If there is a warrant out for your arrest, you may not find out about it until the police knock on your door. Alternatively, you may learn about it on Connecticut’s criminal case lookup site or even get advance notice from another source. Whatever the case may be, if you have a warrant out for your arrest, there are certain steps that you should take.
Being arrested does not mean that you are guilty of a crime. What you do before, during, and after an arrest can play a role in whether or not you beat the charges against you. That is why it is vital that you protect yourself – and your legal rights – whenever there is a warrant out for your arrest.
At the Sills Law Firm, we are zealous advocates for clients charged with crimes in Connecticut. Whether you have been charged with a DUI crime or a violent offense, we’ll help you achieve the best possible outcome. If an arrest warrant has been issued for you, read on to learn more about what you should do – and then give our office a call for a free consultation.
Step 1: Call a Lawyer
The single most important thing that you can do after learning about an arrest warrant is to call a CT criminal lawyer. Your attorney can advise you on what to do, be present at your arrest and during questioning, and attend court hearings with you. They can also get to work immediately on an aggressive defense strategy to reduce the likelihood of conviction or severe consequences.
If you have already been arrested, you should request a lawyer immediately. If you know that you have an arrest warrant pending, then schedule a consultation with a criminal defense attorney. They can talk you through the next steps and how to best protect yourself during and after your arrest.
Step 2: Talk to a Bail Bondsperson
People who first learn about an arrest warrant when the police arrive at their front door don’t have the option of making arrangements with a bail bonds person in advance. However, if you know that you are about to be arrested and have the opportunity to do so, it often makes sense to contact a bail bond company to figure out how to post bail ahead of time.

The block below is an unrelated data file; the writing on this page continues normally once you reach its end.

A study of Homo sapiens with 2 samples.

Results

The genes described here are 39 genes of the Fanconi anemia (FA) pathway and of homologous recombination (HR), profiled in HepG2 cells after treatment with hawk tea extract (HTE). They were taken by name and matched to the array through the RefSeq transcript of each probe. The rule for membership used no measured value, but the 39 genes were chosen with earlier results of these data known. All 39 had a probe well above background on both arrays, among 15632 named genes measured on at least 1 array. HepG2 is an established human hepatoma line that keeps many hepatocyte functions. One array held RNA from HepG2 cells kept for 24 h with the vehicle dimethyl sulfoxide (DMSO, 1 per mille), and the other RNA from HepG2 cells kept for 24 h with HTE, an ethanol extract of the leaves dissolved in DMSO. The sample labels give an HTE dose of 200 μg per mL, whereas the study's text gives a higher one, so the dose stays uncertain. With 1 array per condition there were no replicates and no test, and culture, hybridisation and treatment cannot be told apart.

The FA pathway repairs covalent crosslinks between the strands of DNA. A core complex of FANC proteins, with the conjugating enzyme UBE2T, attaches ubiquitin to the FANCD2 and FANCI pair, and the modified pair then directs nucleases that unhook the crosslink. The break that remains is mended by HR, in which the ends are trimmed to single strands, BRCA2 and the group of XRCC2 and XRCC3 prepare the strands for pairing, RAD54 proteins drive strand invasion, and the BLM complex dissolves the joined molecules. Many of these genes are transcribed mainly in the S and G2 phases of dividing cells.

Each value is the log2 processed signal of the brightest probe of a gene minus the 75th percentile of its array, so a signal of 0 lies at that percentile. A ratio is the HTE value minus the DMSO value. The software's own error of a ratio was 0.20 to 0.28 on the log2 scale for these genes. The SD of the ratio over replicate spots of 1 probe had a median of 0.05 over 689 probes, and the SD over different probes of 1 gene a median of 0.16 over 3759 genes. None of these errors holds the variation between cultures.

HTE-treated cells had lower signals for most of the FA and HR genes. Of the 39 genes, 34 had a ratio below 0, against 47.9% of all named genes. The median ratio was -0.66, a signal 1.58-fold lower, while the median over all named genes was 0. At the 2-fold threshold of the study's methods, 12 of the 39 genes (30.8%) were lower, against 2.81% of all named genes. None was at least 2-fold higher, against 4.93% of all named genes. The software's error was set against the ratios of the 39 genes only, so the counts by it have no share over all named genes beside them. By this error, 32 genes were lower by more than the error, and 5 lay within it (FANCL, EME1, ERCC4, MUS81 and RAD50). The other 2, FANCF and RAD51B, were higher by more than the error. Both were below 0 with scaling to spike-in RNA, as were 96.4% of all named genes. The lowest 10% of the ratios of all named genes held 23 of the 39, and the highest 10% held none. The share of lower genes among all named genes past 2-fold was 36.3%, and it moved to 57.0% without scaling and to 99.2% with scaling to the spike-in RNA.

Although some states are moving away from cash bail, in Connecticut, if you are charged with a crime, then you will typically be required to post bail in order to be released from custody pending trial (unless a judge denies bail). You have the option of posting the full cash amount or a bail bond. If you don’t have the money available to post bail, then your best bet is usually to work with a bail bonds person.
Step 3: Turn Yourself In
If you haven’t already been arrested, then your next step should be to arrange to turn yourself into the police. Doing so can help you avoid an embarrassing public arrest. Your attorney can also advise you as to the best days and times to turn yourself in to minimize the amount of time that you spend in jail.
Step 4: Exercise Your Right to Remain Silent
Under the Constitution, you have a right to remain silent while you are in police custody, including during the booking process. This right is critical to your ability to mount a defense to the charges against you. Make sure that you exercise it in order to avoid incriminating yourself.
If the police seek to question you, the only thing that you should say is that you want a lawyer. Do not give an oral or written statement. Similarly, do not talk about the charges against you with anyone else in the jail with you (including fellow inmates) or to loved ones while using the phone at the police station or jail. These conversations may be recorded or otherwise used against you.
Don’t Wait to Call a CT Criminal Defense Lawyer
Finding out that you have a warrant out for your arrest can be incredibly scary. While it may be tempting to ignore the warrant, your best bet for getting a good outcome for the case is to deal with it head-on, starting with hiring a Connecticut criminal attorney.
At the Sills Law Firm, we have experience defending clients against all types of criminal charges. If you are facing criminal charges, we will fight for your rights and your freedom. To learn more, give us a call at 860-524-8118 (Hartford) or 203-591-1935 (Waterbury). You can also fill out our online contact form to schedule a free consultation with a CT criminal lawyer.